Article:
By Bill Miller

Perhaps I should dedicate this article to my wife because she inspired it, accidently. She was sharing stories from her latest “favorite book” by Patricia Harman, “The Reluctant Midwife.” As usual, I responded with, “We have a midwife in our family tree, and she had a terrible experience.” So, here’s the story, with a warning: For mature readers only.

Anne Hutchinson, my 12th great-grandmother, who I recently introduced as “Our Founding Mother,” was also Boston’s midwife in the 1630s. She was trained for the job by helping her mother deliver several of her 15 siblings, and participating in all 16 of her own deliveries. She was a graduate of Hard Knocks Medical School.

Anne had moved to Boston in 1634 with her wealthy merchant husband, William, and their 15 children. She quickly built a reputation as a trusted midwife, nurse and spiritual leader for the women of Boston. Consequently, on the evening of October 17, 1637, Mistress Anne was summoned to help deliver a child for Mary Dyer, 26 year old wife of milliner, William Dyer, and my 11th great-grandparents. Mary went into labor two months prematurely and things were not going well. The very painful delivery went on for hours. Mary finally fainted from the pain. While she was unconscious, midwives Anne and Jane Hawkins delivered a stillborn female, with extensive deformities of the head, spinal column and extremities. They were in a terrible predicament. They wanted to protect Mary and William from public shame, and they realized that the Puritan fathers would interpret it as God’s judgement on their sins. What do you do with the body? English law allowed a midwife to bury a dead baby, but the Massachusetts Court forbid it.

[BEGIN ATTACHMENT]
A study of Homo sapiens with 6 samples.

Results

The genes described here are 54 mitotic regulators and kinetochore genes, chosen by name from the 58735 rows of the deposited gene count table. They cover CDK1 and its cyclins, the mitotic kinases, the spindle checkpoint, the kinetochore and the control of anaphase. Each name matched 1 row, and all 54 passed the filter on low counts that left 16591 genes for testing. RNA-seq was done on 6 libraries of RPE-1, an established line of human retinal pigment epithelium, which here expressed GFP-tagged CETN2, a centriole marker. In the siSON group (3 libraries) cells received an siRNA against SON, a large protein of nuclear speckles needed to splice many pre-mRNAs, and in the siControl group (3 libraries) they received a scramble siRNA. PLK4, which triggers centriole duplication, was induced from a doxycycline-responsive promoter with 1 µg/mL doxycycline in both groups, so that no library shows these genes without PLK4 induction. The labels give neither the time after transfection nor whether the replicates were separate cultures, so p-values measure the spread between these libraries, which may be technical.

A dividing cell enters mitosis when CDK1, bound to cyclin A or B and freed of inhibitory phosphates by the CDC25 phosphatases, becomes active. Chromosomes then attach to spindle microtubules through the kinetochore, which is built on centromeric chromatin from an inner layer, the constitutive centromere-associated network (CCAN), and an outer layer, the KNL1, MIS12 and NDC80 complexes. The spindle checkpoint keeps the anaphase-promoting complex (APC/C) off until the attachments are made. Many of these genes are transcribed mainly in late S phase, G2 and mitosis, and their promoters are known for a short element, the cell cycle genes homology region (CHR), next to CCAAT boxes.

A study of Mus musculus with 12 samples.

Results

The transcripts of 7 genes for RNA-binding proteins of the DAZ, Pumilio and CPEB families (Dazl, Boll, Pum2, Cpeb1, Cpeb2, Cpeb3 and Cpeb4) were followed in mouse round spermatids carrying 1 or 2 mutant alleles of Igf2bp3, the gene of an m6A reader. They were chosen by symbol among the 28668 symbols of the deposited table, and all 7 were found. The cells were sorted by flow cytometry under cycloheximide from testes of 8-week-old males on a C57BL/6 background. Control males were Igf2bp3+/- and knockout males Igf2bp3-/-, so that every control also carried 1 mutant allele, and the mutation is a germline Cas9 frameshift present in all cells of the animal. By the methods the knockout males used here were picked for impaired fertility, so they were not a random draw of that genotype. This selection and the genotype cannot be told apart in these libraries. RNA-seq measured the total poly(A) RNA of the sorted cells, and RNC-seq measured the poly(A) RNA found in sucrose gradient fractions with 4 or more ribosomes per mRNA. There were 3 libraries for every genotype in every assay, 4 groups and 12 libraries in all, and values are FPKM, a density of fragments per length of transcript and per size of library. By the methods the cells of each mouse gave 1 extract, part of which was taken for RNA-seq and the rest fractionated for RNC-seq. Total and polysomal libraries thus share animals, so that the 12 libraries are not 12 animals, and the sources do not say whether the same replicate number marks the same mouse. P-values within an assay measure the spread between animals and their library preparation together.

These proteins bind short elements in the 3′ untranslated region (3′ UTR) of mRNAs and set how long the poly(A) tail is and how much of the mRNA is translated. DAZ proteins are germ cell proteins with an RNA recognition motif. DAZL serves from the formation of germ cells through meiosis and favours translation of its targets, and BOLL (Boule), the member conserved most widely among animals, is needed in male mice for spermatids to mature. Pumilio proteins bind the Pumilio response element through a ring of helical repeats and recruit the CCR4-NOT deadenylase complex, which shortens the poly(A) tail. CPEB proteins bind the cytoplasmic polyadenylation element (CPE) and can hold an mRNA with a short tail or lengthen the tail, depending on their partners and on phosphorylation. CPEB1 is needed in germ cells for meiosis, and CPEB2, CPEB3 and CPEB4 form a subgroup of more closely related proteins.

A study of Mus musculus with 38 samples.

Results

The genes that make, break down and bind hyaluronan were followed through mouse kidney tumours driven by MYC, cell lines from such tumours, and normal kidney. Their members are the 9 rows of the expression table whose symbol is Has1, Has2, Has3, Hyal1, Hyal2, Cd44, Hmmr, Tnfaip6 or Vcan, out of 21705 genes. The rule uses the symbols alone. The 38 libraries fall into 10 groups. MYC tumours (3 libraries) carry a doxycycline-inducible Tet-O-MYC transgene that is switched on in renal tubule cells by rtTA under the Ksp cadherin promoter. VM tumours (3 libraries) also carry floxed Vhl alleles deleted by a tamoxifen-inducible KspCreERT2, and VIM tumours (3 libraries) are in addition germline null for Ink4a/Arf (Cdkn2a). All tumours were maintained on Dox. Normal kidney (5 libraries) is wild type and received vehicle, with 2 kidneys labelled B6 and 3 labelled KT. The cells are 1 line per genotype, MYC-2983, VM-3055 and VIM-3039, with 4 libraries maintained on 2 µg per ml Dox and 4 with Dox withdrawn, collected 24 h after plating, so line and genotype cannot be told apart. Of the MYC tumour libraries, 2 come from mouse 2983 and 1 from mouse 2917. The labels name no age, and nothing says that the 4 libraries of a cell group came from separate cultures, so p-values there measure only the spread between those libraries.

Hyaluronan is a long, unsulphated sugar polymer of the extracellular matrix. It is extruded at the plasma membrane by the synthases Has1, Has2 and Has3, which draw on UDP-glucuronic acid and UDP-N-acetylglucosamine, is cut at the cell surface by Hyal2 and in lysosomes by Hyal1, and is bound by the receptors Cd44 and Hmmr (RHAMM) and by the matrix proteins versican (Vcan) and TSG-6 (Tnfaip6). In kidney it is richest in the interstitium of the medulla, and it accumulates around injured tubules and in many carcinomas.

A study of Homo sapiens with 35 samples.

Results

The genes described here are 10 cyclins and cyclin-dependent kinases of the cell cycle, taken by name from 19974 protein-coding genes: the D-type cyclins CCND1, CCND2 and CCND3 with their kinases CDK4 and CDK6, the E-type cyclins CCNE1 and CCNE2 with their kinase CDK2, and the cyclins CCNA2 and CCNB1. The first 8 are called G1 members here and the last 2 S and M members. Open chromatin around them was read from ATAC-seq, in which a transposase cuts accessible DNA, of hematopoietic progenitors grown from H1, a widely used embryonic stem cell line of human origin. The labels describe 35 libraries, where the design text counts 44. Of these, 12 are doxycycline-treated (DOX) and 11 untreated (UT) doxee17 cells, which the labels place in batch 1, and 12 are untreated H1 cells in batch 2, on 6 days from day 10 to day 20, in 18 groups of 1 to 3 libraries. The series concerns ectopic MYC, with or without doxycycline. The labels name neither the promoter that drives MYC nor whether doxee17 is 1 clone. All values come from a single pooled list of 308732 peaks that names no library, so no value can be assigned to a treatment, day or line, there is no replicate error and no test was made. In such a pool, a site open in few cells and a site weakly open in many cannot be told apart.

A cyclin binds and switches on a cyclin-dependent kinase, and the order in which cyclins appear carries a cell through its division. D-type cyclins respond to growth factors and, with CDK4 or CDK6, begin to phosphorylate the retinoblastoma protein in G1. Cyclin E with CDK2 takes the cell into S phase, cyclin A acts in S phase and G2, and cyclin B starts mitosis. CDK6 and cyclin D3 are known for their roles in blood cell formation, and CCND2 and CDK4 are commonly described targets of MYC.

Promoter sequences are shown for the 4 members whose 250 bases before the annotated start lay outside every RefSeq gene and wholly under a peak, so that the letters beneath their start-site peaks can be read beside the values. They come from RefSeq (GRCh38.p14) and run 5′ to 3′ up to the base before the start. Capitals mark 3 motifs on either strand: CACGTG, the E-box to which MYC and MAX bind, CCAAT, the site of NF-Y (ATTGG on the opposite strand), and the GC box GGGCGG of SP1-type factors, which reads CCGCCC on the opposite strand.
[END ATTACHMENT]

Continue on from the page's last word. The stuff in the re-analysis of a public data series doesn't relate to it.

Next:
To protect the Dyers’ reputation, they tightly wrapped the dead baby, to hide its deformities, and told the waking Mary that the baby was dead. Then, realizing that they could be charged with evil intent, or worse, around midnight Anne ran to the home of Rev. Cotton, whom they had followed to Boston, to ask his advice. Late that night, Rev. Cotton and the two midwives secretly buried the baby in the Boston Church Cemetery, according to English law.

Several weeks later, Anne was being tried as a “heretic” before a jury of Puritan clerics, for leading a Bible study for women. Suddenly, Mary Dyer showed up in her defense. As Mary walked down the aisle, a woman in the room pointed to Mary and proclaimed, “She is the mother of a monster!” Gov. Winthrope immediately inquired about the details, and then ordered the baby exhumed and brought to him. He  wrote his description of the child’s deformities for all to read: “The eyes stood far out, so did the mouth…the back was full of sharp prickles…instead of toes each foot had three claws…no head but a face…no forehead…but above the eyes four horns, hard and sharp.” I said this was for mature readers! Winthrope put the infant corpse on public display, and even sent his description to England, all to prove that Mary and Anne were monsters in the eyes of God.

Just for the record, my favorite, active midwife tells me that the baby’s condition is called anencephaly. “It is a neural tube defect which occurs in the embryonic period. The baby is missing part of the skull and brain and is very deformed. Most are stillborn, or live less than two weeks. Many years ago such babies were called “Monsters.”

I never found out how much Anne got paid for her midwife services, but I know it wasn’t enough. As a result of this tragic midwife delivery, coupled with some theological conflicts with the Puritan clergy, Great-grandma Anne got thrown out of Massachusetts and moved her family to Rhode Island.  Later she co-founded the State of Rhode Island with Roger Williams. I wonder if midwives were covered by workers compensation!

One of the special rewards of doing genealogy is you sometimes get to see what your ancestors did with their lives, and it becomes part of your story. If you would like help finding the stories in your family tree, come to Lake Lure Genealogy Club on the second Tuesday of each month at 3:00 in Mountains Branch Library.